Apple Gives Up on Green Electronics Certification for Computers

According to the Wall Street Journal, Apple has decided that its computer products will no longer be part of the government's Green Electronics Certification program. The Green Electronics Certification program designates that a product is "environmentally friendly."

Late last month Apple asked the organization in charge of registering devices as "environmentally friendly" (the EPEAT) to remove 39 certified desktop computers, monitors and laptops, which included past versions of the MacBook Pro and MacBook Air from the list. To have a product listed an electronic device must be easily disassembled with common tools by recyclers so that they can separate various recyclable components.

Apple told the organization that its design direction was no longer compatible with the organization’s environmental requirements. Ultimately this move could cause all kinds of problems for governments and schools that are fond of using Apple products. One of the selling points is that Apple computer products were easily recycled.

On a related note, GIGA OM reports that the City of San Francisco is (again, according to the Wall Street Journal) the first municipality to say that it can no longer use Apple products. Officials at the San Francisco Department of Environment said this week that they would send out letters over the next few weeks letting all 50 of its agencies that Apple laptops and desktops "will no longer qualify" for purchase with city funds. The city did say that it would offer a waiver program for those who really want a Mac computer, but they describe the process as "long and onerous." While city officials are being dramatic about it, GIGA OM points out that Apple will barely notice the drop in sales because only 2 percent of computers used by the city are made by Apple.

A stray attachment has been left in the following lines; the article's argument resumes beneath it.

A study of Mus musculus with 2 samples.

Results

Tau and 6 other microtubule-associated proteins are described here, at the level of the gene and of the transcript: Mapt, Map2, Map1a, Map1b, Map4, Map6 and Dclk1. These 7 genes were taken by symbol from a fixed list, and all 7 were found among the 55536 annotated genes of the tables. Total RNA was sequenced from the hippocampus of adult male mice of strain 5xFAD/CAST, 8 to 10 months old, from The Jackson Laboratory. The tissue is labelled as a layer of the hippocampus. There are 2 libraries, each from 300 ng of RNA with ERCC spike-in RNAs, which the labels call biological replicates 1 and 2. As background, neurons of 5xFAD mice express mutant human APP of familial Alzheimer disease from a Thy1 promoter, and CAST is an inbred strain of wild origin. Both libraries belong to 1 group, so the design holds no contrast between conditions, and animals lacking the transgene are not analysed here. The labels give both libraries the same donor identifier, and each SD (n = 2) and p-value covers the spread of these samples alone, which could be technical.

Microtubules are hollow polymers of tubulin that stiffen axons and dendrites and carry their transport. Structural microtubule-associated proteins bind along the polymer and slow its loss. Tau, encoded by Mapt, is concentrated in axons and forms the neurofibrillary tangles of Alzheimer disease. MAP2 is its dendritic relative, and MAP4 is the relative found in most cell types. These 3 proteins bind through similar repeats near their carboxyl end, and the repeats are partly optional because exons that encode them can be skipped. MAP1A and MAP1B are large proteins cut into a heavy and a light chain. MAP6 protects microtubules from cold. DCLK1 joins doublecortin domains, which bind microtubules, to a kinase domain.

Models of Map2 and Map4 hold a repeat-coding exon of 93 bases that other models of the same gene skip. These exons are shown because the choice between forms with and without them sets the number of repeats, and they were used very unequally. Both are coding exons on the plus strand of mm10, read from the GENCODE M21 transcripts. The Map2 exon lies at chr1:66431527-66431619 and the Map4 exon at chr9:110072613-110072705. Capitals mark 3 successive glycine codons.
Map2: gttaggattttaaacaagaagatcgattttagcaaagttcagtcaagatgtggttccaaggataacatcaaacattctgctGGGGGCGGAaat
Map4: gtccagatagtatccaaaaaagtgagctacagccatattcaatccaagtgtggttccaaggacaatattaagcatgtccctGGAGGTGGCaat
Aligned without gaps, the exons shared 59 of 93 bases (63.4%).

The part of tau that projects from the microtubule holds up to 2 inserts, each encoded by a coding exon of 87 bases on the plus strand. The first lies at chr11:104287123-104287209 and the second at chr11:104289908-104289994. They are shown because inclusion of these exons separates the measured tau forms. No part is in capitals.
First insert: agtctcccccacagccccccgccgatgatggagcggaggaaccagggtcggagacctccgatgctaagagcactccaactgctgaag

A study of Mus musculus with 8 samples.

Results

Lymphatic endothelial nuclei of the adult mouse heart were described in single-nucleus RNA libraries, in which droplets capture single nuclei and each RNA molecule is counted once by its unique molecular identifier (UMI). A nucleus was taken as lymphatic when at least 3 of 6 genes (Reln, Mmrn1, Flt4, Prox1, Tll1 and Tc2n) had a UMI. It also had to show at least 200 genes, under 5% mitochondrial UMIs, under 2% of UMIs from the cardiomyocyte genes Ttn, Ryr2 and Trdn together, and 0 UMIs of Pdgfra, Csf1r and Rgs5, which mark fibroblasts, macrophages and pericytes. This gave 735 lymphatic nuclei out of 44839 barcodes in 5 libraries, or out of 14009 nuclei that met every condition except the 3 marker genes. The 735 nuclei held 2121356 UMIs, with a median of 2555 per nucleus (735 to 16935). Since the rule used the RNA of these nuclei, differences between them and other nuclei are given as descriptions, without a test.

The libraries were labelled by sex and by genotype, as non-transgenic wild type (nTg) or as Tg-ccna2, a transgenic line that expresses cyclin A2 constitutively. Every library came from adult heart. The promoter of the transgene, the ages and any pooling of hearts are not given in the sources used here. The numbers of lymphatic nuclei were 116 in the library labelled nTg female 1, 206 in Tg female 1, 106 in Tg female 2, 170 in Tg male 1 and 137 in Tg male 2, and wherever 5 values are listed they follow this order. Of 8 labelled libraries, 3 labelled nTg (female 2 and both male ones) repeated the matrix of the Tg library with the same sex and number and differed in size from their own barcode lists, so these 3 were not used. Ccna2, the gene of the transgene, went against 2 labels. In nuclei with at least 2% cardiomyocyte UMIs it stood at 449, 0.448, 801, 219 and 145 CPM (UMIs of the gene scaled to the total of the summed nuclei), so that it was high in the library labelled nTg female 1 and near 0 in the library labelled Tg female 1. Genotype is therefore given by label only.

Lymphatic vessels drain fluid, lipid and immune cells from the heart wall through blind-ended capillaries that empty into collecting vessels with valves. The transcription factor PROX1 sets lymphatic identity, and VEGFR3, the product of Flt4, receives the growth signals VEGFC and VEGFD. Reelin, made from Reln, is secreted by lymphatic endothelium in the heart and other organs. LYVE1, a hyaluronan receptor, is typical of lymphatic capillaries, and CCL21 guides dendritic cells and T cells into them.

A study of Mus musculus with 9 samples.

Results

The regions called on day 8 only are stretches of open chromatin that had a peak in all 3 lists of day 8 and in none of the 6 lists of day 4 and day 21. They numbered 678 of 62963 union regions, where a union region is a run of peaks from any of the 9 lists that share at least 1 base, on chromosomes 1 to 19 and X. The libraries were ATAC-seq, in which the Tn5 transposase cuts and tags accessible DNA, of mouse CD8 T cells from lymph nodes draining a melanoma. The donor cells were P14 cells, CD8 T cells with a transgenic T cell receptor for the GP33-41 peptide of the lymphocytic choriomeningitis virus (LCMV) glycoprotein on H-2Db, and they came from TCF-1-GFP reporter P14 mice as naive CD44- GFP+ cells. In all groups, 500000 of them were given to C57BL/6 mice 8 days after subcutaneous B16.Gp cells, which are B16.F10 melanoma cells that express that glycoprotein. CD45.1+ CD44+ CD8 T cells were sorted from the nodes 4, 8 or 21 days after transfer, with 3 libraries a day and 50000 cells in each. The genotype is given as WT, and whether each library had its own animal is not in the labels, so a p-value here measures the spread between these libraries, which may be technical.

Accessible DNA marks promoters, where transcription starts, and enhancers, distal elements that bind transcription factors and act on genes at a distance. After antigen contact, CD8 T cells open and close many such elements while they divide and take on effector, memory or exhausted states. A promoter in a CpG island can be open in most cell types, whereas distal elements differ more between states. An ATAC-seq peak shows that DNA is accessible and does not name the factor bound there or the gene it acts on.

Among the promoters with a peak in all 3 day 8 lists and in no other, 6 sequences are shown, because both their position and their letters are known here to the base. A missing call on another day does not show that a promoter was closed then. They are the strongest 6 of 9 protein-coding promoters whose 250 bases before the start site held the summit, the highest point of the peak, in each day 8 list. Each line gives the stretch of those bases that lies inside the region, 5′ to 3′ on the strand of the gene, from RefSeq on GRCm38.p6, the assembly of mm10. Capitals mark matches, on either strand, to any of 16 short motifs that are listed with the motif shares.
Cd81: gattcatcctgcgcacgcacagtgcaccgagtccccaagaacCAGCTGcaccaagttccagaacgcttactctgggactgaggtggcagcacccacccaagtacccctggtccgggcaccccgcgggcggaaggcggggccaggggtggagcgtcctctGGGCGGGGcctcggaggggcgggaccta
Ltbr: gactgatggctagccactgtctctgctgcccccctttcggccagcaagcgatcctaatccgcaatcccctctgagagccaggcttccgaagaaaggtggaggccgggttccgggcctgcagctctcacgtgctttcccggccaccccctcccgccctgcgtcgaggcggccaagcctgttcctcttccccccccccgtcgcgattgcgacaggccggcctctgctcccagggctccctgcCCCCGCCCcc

Mystakill says:

    Exactly.  While I love my Mac, I'm not too thrilled with Apple's iOS-ification of OS X, its product updates which preclude user upgrades, or its overly-litigious nature.  I'd love to switch back to Snow Leopard, but that would prevent me from using the apps I've purchased through MAS; I primarily purchase directly from devs/publishers, but some of the app prices on MAS were ridiculously low, and some apps are now only available through MAS (which is bad for everyone but Apple, as far as I'm concerned).

  2. 0
    Atrayo says:

    Apple with nearly $600 a share in the stock market and flying high. Can easily remove itself from more conscientious consumers in regards to the environment. This can be a sign of things to come post Steve Jobs in how Apple conducts itself.

    Lets see how Apple responds to the Italian governments warranty issue for its citizens / consumers.

  3. 0
    ecco6t9 says:

    It's always humorous to see that. Usually it's some guy ranting on about Walmart being evil with China made products, usually I chime in with "Where was your Macbook made?"

  4. 0
    Zerodash says:

    I continue to be amazed at how much proverbial "street cred" Apple has with the kids of the anti-business movement.  They are every bit as "evil" as Microsoft and others, and yet Apple gets a pass every single time.